Supreme Court today denied permission to a married woman with post-partum depression to terminate her almost 27-week foetus. “AIIMS has sought for a direction to stop the heart of the foetus and the court is averse to passing such a direction," the top court said.
“The petitioner also doesn't wish to do the same,” Chief Justice of India DY Chandrachud said while reading out the order. “Permitting the termination of the pregnancy at this stage would violate the rules of the Medical Termination of Pregnancy Act since there’s no immediate threat to the mother and this is not a case of foetal abnormality," the CJI added.
The Supreme Court directed the Centre to bear all medical costs and clarified that it was up to the mother if she chose to give up the child for adoption.
The top court’s decision comes on the Centre’s plea seeking a recall of the top court’s October 9 order after AIIMS, New Delhi said the foetus was viable. The Supreme Court’s all-women bench on October 11 delivered a split verdict and referred the matter before a larger bench of three judges.
The woman’s case was unique. She was a married woman who sought the termination of the 27-week foetus because she was suffering from post-partum depression. The Medical Termination of Pregnancy (MTP) Act, 2021 legally allows the abortion of a foetus up to 20 weeks and up to 24 weeks in certain cases. Pregnancies over 24 weeks are allowed in exceptional cases only. In this case, the petitioner is a married woman with no physical danger to her life and no abnormality was detected in the foetus.
In September 2022, the Supreme Court ruled that a woman has sole autonomy over her body. The top court said all women, irrespective of their marital status, or caste were entitled to avail of abortion rights up to 24 weeks of their pregnancy.
The hearing captured everyone’s collective imagination as the top court was caught in a pro-life versus pro-choice debate and where our country’s legislation stands on this account. Even as the Centre argued that there is a dichotomy between pro-life and pro-choice, the Supreme Court clarified that our country’s legislation was clearly pro-choice.
There were several attempts to convince the woman to sustain the pregnancy for a few weeks to give the child a chance at survival. Medical opinion sought by the court said that If she delivered at this stage, the survival of the child would be weak as it would suffer mental and physical disabilities, however, if she continued with the pregnancy for atleast two more weeks or the full term, the child would have a better survival rate.
“Why doesn’t she consider carrying the pregnancy for a few weeks more and give the child a chance. That’s why AIIMS had a serious ethical dilemma," the top court had asked.
However, at the time, the woman was firm in her decision to terminate the pregnancy.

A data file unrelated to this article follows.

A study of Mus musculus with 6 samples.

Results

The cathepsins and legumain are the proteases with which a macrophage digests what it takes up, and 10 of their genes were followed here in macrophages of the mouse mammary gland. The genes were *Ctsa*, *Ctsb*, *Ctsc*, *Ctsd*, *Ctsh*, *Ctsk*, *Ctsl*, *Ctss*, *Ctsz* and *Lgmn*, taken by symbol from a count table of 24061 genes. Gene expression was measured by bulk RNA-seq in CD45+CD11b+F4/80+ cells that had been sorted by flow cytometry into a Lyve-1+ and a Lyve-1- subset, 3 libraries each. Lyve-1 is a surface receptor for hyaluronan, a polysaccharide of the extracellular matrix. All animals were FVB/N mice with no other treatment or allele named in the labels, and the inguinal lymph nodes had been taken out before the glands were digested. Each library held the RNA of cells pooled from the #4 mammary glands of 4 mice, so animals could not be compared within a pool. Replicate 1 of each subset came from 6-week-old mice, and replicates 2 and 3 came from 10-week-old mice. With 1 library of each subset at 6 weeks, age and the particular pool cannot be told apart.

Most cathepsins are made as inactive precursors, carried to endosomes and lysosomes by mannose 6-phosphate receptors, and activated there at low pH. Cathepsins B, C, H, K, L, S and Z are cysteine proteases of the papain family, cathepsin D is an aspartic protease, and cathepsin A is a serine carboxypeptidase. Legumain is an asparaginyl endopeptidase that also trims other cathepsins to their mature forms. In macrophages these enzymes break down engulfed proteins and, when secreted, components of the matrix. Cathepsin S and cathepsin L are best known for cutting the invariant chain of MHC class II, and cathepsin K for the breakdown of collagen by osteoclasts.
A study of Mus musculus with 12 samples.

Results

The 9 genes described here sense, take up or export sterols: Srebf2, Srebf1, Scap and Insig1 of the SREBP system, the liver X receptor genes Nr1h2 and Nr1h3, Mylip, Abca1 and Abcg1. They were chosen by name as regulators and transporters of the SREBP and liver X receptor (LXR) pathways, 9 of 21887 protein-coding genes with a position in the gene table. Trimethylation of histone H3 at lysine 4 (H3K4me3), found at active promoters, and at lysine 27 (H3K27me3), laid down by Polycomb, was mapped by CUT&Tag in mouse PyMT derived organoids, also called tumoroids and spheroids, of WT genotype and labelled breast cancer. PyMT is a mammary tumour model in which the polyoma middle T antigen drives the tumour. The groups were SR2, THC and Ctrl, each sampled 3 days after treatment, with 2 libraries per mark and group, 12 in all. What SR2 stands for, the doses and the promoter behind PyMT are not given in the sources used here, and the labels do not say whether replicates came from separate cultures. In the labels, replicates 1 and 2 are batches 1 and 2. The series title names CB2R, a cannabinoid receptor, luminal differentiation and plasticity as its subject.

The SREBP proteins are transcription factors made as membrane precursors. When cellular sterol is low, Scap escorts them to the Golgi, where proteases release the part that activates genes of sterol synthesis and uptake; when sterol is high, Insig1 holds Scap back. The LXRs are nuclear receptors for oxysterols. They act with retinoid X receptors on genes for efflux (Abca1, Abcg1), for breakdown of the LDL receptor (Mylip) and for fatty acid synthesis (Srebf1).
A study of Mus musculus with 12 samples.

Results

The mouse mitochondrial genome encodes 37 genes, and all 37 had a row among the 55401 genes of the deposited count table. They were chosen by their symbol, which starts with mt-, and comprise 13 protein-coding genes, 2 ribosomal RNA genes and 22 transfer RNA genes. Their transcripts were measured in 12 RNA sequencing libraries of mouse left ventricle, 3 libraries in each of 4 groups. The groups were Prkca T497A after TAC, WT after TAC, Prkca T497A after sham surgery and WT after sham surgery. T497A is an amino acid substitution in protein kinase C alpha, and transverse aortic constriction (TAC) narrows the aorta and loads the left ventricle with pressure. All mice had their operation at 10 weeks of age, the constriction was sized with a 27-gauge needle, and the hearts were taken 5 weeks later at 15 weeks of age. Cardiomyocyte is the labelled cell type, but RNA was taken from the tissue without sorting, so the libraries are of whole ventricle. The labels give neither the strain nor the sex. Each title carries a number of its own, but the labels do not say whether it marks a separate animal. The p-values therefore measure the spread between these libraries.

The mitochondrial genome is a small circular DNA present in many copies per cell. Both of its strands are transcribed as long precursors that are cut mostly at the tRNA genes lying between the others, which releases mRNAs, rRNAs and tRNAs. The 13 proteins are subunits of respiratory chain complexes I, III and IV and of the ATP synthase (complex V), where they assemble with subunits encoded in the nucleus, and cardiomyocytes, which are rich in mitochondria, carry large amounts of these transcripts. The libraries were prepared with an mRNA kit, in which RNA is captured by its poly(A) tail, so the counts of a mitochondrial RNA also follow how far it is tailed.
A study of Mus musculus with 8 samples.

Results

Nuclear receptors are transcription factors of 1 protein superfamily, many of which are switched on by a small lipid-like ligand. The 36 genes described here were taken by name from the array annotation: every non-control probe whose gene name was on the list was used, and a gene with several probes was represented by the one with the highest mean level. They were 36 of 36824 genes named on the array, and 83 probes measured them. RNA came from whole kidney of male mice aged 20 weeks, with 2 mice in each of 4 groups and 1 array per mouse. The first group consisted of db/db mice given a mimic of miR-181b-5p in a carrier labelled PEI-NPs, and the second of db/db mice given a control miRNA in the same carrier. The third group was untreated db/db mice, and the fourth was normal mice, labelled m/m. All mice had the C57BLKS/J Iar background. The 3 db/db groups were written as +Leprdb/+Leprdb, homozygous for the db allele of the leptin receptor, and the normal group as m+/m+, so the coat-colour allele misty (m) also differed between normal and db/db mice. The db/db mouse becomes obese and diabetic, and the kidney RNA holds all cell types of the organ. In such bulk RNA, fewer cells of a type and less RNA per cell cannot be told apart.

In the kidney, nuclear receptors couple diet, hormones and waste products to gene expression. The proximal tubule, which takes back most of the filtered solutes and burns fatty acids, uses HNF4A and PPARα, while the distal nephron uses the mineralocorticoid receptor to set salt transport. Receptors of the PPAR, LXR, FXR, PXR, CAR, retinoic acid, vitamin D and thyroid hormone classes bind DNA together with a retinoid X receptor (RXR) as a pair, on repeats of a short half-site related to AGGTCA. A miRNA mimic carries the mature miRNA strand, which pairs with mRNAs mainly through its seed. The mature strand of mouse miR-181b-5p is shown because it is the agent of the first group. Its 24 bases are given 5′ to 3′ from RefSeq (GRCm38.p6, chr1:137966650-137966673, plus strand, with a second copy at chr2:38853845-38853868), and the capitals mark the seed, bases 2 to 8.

Easy to criticize our country; abortion laws in India are not regressive: Supreme Court
Supreme Court today observed that it was easy to criticise our country’s laws while pointing out that abortion laws in India were not regressive.
“…You know what has happened in the United States of America after Roe v Wade (where the US Supreme Court banned abortion)? Indian law is not regressive. We should also be conversant of the fact that it's easy to criticise our own country...,” Chief Justice of India DY Chandrachud said during the hearing.
Last week, responding to the Centre’s argument that there was a dichotomy in the debate on pro-life versus pro-choice, the top judge said our laws are pro-choice and one must look at the case from that lens.
When does life come into being? When do they get rights? Supreme Court
The plea filed by a married woman with post-partum depression seeking the termination of her almost 27-week foetus has raised several points for discussion. When does life come into being? CJI Chandrachud asked last week during one of the hearings on this issue.
"Who is fighting for the child?," the CJI had asked while considering the dilemma of how to balance the rights of the unborn child versus that of the mother. Every woman undergoes some extent of post-partum depression, the judge had observed.
Senior advocate Colin Gonsalves, who was assisting in this matter, said that as of today, in India we do not have rights for an unborn child. “The rights begin when the foetus is born; till then the woman’s right is absolute,” Gonsalves said. “In this case, the unborn child’s rights are being put before that of a woman’s rights,” the senior advocate submitted.
“Fetecide has been done for the past 10-12 years. It is done by a guideline issued from the government of India which authorizes it," he said clarifying that “all abortions result in the termination of fetal heart”.
“If the foetus is less than 24 weeks old, only one injection is given, post 24 weeks there are two injections. Therefore, to say this (fetecide) is a shocking and surprising phenomenon is not true,” Gonsalves had said supporting the woman’s plea for abortion.